I don’t know about you, but I love camping so much I could just die of happiness. A flannel shirt, a red Coleman lantern, a crackling fire and a chill in the the air; camping makes me giddy.
In keeping with the theme of my whole life, I consider myself a simple camper. I don’t haul a bunch of crap out into the woods. This is partially because I like simplicity and partially because I’m lazy. The less I take, the less I have to clean up on the tail end of the trip when I’m good and tired.
(Yes, that’s a Louis Vuitton duffel. No, it’s not real. Yes, I take it camping. I got it for 25 cents at a yard sale. Don’t hate.)
It’s totally possible to do a fun and environmentally friendly camp out without dragging the entire contents of your kitchen into the great outdoors. I’ll show you how…
1. Keep the food simple. No one expects a Top Chef meal over a campfire. Good, hearty food need not be fancy. We usually do vegetarian baked beans from a can with Applegate Natural hot dogs for dinner. Slice up an apple or two, toss some baby carrots on the plate and you’ve got a decent meal. Tin foil packets with potatoes and chicken or sliced kielbasa sausage are delicious and easy as well. For these two meals all you need is a can opener and some tin foil. We bring fruit like apples and pears for snacks and sides. They’re healthy and don’t require any utensils. Crackers are good too because they don’t have to be refrigerated. We always, always, always do s’mores! It would be un-American to camp without s’mores!
2. Don’t bring plastic or paper tableware. It’s bad for the earth. It just is. We have a set of utensils with four each of knives, forks and spoons. They even came in a handy little carrying case. We bring reusable plastic kids’ plates to eat on. They’re easy to wash and they can get banged up without breaking. For cups we use our Camelbak water bottles and a couple plastic mugs from home. It’s silly to create a bunch of waste with paper plates when we can easily pack a few things from home. Part of getting back to nature is learning respect and sustainability.
3. Don’t bring toys from home. Why go camping if the kids are going to play with all the same stuff they play with in their rooms? I let my kids bring one toy each, just in case we get blindsided by a thunderstorm and we’re stuck in the tent all day. Going camping is about exploring the woods and playing with mud and sticks. If your kids are hooked on electronics, they may be bored at first. It won’t last long, and if it does, your kids are way too hooked on electronics and going camping was the best decision you ever made. We are innately attracted to the outdoors. Nature is good for our souls. Don’t do your kids a disservice by distracting them from what the earth has to offer.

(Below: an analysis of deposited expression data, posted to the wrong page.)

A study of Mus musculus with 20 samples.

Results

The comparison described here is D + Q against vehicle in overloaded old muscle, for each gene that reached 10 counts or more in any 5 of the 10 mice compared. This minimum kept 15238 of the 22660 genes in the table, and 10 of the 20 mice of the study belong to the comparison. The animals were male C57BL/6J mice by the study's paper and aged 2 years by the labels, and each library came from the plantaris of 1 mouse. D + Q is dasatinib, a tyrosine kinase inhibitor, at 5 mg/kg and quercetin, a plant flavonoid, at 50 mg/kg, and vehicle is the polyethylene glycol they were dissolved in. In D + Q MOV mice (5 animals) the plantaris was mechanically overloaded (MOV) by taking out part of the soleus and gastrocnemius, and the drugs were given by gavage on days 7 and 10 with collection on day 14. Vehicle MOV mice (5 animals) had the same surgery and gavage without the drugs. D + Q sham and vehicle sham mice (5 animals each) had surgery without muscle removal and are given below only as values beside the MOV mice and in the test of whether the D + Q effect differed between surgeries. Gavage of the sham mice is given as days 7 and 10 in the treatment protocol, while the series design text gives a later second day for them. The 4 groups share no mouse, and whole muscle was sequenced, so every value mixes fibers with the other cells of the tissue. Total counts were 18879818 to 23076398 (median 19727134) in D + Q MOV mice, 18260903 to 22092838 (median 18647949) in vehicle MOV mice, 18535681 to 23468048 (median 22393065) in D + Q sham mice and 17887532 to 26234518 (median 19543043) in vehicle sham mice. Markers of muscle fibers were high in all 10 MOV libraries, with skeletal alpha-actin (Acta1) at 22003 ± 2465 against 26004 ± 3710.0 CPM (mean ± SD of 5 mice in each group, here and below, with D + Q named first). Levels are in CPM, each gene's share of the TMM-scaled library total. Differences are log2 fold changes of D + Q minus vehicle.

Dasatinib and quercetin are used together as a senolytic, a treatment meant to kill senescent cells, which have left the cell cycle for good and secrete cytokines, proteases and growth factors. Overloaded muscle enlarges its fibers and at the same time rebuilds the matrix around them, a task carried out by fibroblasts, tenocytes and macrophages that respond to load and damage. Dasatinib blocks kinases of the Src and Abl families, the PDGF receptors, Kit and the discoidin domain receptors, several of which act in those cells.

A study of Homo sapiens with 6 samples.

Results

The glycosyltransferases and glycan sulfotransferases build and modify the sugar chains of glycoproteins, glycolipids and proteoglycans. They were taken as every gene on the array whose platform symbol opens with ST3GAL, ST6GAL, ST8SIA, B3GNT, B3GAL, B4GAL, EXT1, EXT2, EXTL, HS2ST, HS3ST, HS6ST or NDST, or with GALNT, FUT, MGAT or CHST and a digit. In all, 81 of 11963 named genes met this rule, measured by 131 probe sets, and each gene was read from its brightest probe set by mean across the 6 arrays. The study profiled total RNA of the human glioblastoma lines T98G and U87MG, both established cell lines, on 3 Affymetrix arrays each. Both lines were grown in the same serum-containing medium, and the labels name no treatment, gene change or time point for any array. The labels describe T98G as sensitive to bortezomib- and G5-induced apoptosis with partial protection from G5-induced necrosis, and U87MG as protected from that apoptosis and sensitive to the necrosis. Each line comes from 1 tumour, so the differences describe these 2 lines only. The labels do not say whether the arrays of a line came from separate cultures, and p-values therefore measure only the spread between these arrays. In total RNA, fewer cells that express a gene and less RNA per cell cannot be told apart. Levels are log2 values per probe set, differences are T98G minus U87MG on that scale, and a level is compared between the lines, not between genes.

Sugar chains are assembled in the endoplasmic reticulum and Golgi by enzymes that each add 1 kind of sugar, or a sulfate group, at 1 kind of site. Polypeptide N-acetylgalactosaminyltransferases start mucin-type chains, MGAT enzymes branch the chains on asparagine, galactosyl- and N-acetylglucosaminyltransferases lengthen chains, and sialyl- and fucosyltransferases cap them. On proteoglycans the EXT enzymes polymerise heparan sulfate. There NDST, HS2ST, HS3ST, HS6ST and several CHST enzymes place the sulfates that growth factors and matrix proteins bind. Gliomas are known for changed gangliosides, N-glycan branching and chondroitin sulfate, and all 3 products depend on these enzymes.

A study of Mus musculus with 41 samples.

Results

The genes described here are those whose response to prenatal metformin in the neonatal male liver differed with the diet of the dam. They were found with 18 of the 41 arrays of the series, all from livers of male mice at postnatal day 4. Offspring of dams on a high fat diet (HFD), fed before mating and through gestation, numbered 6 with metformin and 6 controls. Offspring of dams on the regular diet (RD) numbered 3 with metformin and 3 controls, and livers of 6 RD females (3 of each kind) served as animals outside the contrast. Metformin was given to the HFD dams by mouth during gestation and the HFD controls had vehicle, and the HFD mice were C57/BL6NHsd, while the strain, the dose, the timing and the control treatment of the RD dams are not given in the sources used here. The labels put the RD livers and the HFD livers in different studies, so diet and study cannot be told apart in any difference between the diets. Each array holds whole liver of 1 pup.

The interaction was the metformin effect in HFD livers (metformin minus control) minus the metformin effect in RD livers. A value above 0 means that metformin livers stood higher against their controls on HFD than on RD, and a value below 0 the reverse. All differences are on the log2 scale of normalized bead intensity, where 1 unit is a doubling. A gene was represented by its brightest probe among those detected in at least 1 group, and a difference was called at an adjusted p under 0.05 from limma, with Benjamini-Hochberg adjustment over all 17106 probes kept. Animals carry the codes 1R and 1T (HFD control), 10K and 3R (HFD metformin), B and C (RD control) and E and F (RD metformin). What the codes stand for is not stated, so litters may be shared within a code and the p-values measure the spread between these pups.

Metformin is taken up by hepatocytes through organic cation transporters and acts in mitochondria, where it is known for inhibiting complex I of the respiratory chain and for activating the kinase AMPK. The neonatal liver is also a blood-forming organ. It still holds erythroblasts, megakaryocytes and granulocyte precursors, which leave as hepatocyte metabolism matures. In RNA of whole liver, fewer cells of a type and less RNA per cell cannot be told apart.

4. Learn to tell a good story. People have been sitting around a fire telling stories for thousands of years. If you sit your kids down around the campfire after the sun goes down and tell them a good story, I guarantee you no one will ask for their iPad. Tell funny stories about when you were a kid, tell about adventures you had before your kids were your adventure. Retell a fairy tale and insert your children’s names for the main characters or tell a good ghost story. It will become part of your family’s tradition and your kids will ask you to tell your stories again and again. “Mom, tell us about the time Dad fell in the lake in his Easter suit!” Oral history is important. Much of what we know of our grandparents and great grandparents came to us by way of a story. Keep the stories alive!
5. Make packing simple so you camp more often. I keep our camping stuff in a plastic tub in my closet. The tub contains a can opener, a lighter, a lantern, extra batteries, bug repellant, our utensil set, an LED light, a couple plastic bags and a few trash bags. When we pack I just grab the tub and put in our plates and cups and whatever food I can fit in as well. The sleeping bags and tent are kept together in the basement. They’re easy to get to when it’s time to go. You’re more likely to plan a trip if the packing isn’t a huge hassle.
So what should you take? Here’s a rundown of what goes with us…
Tent- REI Kingdom 4
Sleeping Bags- 2 from REI, 2 Keltys from Costco
4 Camp Chairs- 2 big, 2 kid sized
4 Thermarest pads
Clothes- not a ton of stuff but always a couple extra outfits for the kids
2 Towels- we share and make do
The Tub- mentioned above, full of useful items like a lantern and a lighter, trash bags, baby wipes, paper towels, etc…
Cooler with food- medium sized cooler. We bring dry goods in reusable bags.
And that’s about it!
If you’ve been thinking of going camping, but haven’t made plans, what are you waiting for? Get outdoors with your family. Once you breathe in the chilly air, hear the crickets chirp and the fire crackle, you’ll be glad you did!